Lomond Campbell has announced details of the release of a new track,
‘Every Florist In Every Town’.
The track is taken from his debut album, ‘Black River Promise’, which will be released on Heavenly Recordings on Friday November 3rd 2017.
Talking about the track Lomond said:
“I wrote this song in the middle of a particularly gnarly highland winter and deliberated a lot on whether it suited Black River Promise. After adding strings and drums it became one of my favourites from the album. Lyrically it follows the story of a tempestuous relationship; so much so that every florist in every town the pair lived in know their names.”
The track is accompanied by a stunning video directed by the Coconut Island collective, which includes acclaimed Scottish photographers / film makers Brian Sweeney and Donald Milne, and shot around Lomond’s Scottish highland base.
Talking about the video, Sweeney said:
“It was shot in and around where Lomond stays, basically his journey to and around there. The closing shot is essentially the album sleeve, but they’ve cut the trees down which is a bit of a bone of contention with the locals.”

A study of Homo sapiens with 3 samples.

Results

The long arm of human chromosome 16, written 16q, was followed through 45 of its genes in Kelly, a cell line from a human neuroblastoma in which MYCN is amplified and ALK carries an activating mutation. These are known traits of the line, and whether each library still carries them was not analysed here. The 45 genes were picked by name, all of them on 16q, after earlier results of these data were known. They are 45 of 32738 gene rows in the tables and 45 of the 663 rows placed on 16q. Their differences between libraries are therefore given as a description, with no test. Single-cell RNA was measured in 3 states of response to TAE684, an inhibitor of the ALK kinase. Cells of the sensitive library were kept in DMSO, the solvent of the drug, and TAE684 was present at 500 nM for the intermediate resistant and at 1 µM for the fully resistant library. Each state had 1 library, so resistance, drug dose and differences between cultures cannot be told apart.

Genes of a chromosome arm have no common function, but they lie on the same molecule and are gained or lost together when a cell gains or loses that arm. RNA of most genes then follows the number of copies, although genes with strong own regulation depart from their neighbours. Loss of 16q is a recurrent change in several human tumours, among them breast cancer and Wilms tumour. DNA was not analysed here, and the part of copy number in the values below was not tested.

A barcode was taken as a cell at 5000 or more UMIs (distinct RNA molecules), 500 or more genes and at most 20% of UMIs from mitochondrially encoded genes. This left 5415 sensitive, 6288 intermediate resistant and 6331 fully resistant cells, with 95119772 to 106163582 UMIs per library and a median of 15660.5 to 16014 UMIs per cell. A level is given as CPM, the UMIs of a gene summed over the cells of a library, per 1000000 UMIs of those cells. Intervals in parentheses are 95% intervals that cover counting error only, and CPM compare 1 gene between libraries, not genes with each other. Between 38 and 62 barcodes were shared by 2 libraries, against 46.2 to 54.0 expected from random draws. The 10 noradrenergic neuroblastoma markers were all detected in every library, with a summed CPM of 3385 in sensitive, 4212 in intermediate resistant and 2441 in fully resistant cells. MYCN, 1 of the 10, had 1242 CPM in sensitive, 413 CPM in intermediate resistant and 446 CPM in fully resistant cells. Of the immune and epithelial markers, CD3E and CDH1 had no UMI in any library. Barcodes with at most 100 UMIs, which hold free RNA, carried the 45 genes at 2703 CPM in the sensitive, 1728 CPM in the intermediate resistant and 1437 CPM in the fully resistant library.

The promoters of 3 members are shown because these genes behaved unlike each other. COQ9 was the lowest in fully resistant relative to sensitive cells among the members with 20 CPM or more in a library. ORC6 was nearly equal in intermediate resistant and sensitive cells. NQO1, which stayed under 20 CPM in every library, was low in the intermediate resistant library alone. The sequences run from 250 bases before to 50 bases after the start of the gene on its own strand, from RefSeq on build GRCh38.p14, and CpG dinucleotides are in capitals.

The video was premiered this morning by our friends at Caught by the River, Read more HERE
Watch the ‘Every Florist In Every Town’ video here:
Originally released on Campbell’s own acclaimed Triassic Tusk label, which he runs with DJ Stephen Marshall, at the end of 2016, the album was discovered by Jeff Barrett of Heavenly Recordings who have subsequently re-mastered the record, updated the
artwork and are set to give it a wider release.
Hailing from the Scottish borders and a former long-time resident of Edinburgh, Campbell, eager to flee the clamour and turbulence of the city upped sticks a couple of years ago, setting up home, and studio, in a leaking, decrepit, asbestos-ridden school house in the shadow of Ben Nevis.’Black River Promise’ is very much a chronicle of this transition from the white noise of the city to the near-silence of his new highland home. Deep, rich, astonishing and lyrically engaging, the album effortlessly skips between melancholic introspection and joyful euphoria.